Size limits

Size limits are another useful tool in managing aquarium fisheries. The marine ornamental fish trade tends to be highly selective in favour of juveniles due to their distinctive coloration, low transport cost for exporters and optimal size to fit in a home aquarium. However, the young of some popular fish species are easily stressed and hence may suffer high mortality during holding and transport6. Setting minimum size limits such as those encouraged by an Ocean Voice International-Haribon Foundation project in the Philippines118 would help ensure that stock is not unnecessarily wasted224. Maximum size limits are equally important to ensure that sufficient numbers of breeding adults remain on the reef. At the recent Nineteenth Meeting of the Animals Committee (18-21 August 2003) the decision of 'a universal minimum permissible size of 10 cm (height) [...] for all seahorses in international trade, [...] to allow animals to reproduce before being caught' was adopted.

The State of Florida has an exemplary regulation system stipulating minimum and maximum sizes for a number of ornamental fish species. According to the Florida Administrative Code butterflyfishes and several species of angelfishes (grey, French, queen and rock beauty), for example, are subject to both a minimum and a maximum length restriction43. Maximum length limits are also specified for gobies, jawfish and the Spanish hogfish43.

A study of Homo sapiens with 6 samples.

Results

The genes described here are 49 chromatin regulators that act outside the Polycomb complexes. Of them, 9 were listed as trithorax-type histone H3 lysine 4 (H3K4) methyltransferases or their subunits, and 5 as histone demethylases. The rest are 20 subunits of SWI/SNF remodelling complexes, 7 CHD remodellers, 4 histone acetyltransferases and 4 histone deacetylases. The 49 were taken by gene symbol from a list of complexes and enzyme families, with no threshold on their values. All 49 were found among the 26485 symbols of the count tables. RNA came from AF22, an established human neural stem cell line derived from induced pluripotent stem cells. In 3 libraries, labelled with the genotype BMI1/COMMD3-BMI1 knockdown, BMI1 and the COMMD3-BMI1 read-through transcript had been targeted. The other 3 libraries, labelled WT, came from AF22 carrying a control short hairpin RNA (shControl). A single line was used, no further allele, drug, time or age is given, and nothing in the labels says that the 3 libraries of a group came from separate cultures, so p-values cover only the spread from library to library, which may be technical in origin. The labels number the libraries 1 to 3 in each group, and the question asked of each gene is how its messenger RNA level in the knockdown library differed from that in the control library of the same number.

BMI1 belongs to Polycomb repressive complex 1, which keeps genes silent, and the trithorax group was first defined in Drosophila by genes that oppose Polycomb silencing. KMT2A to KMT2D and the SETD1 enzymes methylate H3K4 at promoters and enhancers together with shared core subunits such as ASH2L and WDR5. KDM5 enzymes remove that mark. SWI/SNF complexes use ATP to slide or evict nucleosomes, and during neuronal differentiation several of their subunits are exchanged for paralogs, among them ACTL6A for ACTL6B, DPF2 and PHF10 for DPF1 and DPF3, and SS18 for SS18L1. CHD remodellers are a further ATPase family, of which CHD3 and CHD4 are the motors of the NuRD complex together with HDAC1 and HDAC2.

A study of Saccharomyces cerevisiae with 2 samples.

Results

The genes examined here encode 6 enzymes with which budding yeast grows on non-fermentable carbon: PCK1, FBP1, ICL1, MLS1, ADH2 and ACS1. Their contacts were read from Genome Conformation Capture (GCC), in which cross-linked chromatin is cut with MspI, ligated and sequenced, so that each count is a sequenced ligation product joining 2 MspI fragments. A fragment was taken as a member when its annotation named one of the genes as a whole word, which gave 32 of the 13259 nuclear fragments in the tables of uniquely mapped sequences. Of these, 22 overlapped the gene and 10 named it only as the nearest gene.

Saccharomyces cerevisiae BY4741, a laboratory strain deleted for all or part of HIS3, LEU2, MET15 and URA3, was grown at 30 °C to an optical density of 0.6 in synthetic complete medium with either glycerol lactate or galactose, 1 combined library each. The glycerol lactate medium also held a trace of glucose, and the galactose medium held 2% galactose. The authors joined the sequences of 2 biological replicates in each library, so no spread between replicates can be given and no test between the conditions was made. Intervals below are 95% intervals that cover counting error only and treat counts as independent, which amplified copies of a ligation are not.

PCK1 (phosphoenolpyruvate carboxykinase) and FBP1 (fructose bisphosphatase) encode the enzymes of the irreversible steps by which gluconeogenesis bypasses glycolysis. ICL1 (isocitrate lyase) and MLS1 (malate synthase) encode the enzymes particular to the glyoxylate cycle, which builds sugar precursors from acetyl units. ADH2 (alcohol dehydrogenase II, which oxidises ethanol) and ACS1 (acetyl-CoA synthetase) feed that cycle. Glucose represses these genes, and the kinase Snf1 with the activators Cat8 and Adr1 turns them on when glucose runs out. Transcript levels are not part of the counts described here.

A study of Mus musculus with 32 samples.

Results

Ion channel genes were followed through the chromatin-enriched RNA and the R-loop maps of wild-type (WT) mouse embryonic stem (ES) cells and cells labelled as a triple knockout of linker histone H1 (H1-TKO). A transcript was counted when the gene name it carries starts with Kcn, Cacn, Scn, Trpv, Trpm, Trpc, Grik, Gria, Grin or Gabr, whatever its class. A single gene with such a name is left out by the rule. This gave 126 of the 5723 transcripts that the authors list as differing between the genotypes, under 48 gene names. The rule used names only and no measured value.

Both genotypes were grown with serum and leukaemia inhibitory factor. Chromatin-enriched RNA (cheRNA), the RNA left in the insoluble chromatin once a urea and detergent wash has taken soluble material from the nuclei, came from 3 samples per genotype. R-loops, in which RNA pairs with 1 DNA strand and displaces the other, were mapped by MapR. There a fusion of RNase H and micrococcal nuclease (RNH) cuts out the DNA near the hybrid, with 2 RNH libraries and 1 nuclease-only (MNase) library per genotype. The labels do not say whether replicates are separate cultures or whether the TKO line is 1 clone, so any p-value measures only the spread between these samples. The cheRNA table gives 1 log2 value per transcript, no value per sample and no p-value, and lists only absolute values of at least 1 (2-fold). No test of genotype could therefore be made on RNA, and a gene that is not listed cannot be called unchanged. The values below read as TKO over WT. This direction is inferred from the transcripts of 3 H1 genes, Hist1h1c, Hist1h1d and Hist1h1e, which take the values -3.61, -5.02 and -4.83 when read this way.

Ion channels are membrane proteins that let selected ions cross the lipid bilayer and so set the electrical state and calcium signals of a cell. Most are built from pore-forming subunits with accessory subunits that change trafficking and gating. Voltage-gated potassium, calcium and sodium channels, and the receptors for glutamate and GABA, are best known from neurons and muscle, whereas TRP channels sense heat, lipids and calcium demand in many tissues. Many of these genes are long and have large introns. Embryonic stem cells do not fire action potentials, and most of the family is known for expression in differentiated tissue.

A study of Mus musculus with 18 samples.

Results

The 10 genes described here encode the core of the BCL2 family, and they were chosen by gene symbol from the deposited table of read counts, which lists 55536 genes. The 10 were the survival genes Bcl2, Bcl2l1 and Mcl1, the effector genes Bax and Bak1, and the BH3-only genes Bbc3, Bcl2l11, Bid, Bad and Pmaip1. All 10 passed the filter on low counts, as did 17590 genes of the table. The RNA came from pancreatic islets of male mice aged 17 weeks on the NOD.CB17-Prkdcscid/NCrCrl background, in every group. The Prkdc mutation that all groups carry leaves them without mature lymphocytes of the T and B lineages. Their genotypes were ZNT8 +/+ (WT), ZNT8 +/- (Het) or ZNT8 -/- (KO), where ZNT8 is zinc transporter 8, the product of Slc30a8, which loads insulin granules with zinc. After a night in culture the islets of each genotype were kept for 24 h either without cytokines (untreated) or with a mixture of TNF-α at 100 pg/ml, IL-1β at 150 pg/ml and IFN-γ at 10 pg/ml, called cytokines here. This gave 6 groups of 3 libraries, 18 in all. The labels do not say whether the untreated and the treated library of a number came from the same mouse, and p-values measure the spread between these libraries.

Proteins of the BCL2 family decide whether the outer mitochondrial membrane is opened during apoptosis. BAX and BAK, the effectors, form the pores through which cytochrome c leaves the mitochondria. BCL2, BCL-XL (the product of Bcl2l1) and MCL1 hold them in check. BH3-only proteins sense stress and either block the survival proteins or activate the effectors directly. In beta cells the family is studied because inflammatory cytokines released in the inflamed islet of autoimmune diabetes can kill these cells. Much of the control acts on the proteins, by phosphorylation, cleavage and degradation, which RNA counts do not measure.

Maximum size restrictions for the collection of coral pieces are important to ensure that mature colonies are not removed from the reef. Such restrictions would be particularly useful for species of coral which tend to develop particularly large colonies. The Indonesian authorities have stipulated maximum size limits of 15 cm and 25 cm for slow-growing species such as Plerogyra and Catalaphyllia and fast-growing species such as Acropora respectively224. Removing primarily small specimens is also likely to reduce damage to the reef habitat structure.

A study of Pocillopora verrucosa in the Philippines showed that maximum sustainable yield could be calculated using information on distribution and abundance as well as growth rate and rates of mortality and recruitment225. The minimum size that should be allowed at harvest was calculated to be 18 cm in height, equivalent to six years old.